Are you prepared for the rising surge of “stuff giving?”
Earlier this year, the Washington Post (March 27, 2015) called it a seismic shift.
The Boomer Generation displayed a penchant for collecting things: cars, big houses, lots and lots of possessions. They thought these possessions were valuable.
But their kids don’t want those things.
Two big trends are highlighting this shift. First, Boomers as they start to retire, begin to downsize and simplify their lives. They clean out houses, basements, attics and start to look for places for their “treasures.” As part of this cleansing, they also begin to focus on things that are important—things they might have neglected during their 60-hour workweeks—like relationships.
The Millenials on the other hand questioned the emphasis on all those things anyway. They’ve sought out relationships first. They are the loft generation. Simpler ways and simpler lives mean that the 8-foot sectional sofa doesn’t fit.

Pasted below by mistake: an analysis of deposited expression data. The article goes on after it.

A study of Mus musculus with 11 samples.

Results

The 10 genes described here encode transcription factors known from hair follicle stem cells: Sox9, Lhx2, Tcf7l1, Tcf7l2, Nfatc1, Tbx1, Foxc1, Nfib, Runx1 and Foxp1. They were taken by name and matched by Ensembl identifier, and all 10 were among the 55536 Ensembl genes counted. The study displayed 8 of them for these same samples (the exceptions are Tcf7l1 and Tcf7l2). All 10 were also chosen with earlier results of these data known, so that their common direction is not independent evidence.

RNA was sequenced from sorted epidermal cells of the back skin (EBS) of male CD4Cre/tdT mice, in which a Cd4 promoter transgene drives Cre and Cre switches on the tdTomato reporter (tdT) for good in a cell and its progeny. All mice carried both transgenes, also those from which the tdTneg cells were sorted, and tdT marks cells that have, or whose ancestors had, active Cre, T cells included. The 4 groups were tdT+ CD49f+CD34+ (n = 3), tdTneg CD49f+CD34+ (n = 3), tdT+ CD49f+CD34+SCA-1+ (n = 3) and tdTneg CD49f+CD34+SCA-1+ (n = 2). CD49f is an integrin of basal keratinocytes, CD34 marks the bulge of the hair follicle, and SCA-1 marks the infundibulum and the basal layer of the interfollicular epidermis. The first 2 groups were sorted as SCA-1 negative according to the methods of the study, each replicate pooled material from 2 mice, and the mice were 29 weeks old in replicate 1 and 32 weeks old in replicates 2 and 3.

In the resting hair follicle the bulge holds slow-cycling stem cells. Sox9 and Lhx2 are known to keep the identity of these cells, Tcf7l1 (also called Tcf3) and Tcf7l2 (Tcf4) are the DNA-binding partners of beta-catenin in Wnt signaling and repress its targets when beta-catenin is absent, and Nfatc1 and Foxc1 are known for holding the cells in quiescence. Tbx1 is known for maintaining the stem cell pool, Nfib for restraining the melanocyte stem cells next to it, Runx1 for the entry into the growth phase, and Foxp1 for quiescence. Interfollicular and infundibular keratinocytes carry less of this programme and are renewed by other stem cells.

In short, the Millenials don’t want the stuff that their parents collected.
Where does all this stuff find a home?
Increasingly, it’s being donated. And the amount of those donations will only rise. The good news is that more and more charities are equipped to receive these donations. A few charities are equipped to receive those donations directly. But more and more charities are opting to serve this rising surge of donations and allowing their donors to make their contributions online by way of services like www.iDonate.com.
And that’s the encouraging part of this story. Those things that the Boomers once thought so valuable will be put to good use. Some of them will be donated and sold with the proceeds going to feed children, the homeless, provide education or clean water. Other items will be put directly to use by those who need them. Regardless, the outcome is a welcome one—to put stuff in its place.